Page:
By Rob Barnett at Trent Bridge
Nottinghamshire director of cricket Mick Newell settled for avoiding relegation, having identified early in the season that his charges were weaker than some of their rivals.
Newell saw that his bowling attack lacked what others had and therefore did not expect much more than finishing just above the relegation zone, which Notts did albeit level on points with six-placed Somerset with whom they drew today.
Two wins from 16 championship games, both of which came by mid-May, tells its own story, although Notts did come 24 points ahead of the drop-zone.
“The only feeling really is relief because we’re going to survive, and that’s not what we set out to do in the start of the season,” he admitted.
“It was fairly clear early on to me that we were not as good a bowling team in particular as some of these teams we’re playing against and ultimately we have to accept that, but make sure we try to do something about that for next season and be competing in the top four rather than the bottom four.”
Notts’ attack was led in this last match of the term by Luke Fletcher and Harry Gurney, the latter taking a career-best 5-81 in Somerset’s first innings.
However, stalwart Andre Adams was missing with an Achilles injury and England international Ajmal Shahzad’s form did not warrant selection.
“I think people like Fletcher and Gurney have ended up carrying the bowling attack,” Newell continued.
“I think if we could bring a bit more quality in and get Andre back fit then we could have them as a support.
“I’ve mentioned an overseas bowler and Andre and hopefully Ajmal producing a little bit more of what he should be doing then we’d maybe have five or six seamers who can get us a little bit higher up the league.”
An overseas seamer would replace Australia batsman David Hussey, who today signed off after eight spells with the club he first joined in 2004.
Notts’ run-scoring has not be a problem, though, as their 47 batting points was the second-highest in Division One.
“To be fair to us the batting has done okay,” Newell said. “I think that with (James) Taylor, with (Michael) Lumb, with (Samit) Patel, with Riki (Wessels), with (Steven) Mullaney, hopefully with (Alex) Hales coming back into some four-day form, I’m banking on that being strong enough.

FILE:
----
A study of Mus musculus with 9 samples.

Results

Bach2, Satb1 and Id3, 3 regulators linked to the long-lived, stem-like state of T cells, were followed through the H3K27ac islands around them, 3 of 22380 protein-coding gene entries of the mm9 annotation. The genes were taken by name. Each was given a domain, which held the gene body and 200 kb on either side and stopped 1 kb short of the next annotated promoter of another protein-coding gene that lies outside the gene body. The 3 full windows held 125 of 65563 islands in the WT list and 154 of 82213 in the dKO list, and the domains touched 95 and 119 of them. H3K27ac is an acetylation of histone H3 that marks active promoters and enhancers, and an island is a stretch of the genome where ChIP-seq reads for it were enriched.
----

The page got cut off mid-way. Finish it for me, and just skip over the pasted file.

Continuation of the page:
“I just think we need to add to the quality of our bowling. That is definitely what is winning teams the championship and it’s what’s caused us to be as low as we are we think.”
Despite Notts’ disappointing championship finish and reaching the Friends Life t20 quarter-finals, Newell emphasized the value of Saturday’s Yorkshire Bank 40 win.
“I’m quite pleased with that and it’s the first one-day trophy for an awful long time,” he added with understatement.
“It’s really hard to win a trophy and we shouldn't underestimate what we managed to do.”
For yet another year, Somerset skipper Marcus Trescothick had no trophy to cherish.
Indeed, Somerset also survived only when Derbyshire went down yesterday. Trescothick’s side were set 333 to win in 45 overs today but understandably showed no interest in chasing as they ended on 101 for one from 28.
Trescothick, who did not expect to be set a realistic target, was the man out, meaning he went without a first-class century for the first season since 1998.
“I wasn’t surprised,” he said. “I think once the news came through about the Derby situation, then we were all very relieved and we were all over the feelings of not so much panic but concerned of where it was all going, how much pressure was going to be on the last couple of days.
Trescothick, who this evening was digesting the news that England limited-overs wicketkeeper-batsman Jos Buttler is leaving Somerset, did not discuss a target with Notts captain Chris Read.
“There was no conversations, nothing that came along between me and Chris or anything like that,” he revealed. “It was just a case of let's just get this day done and all put to bed.”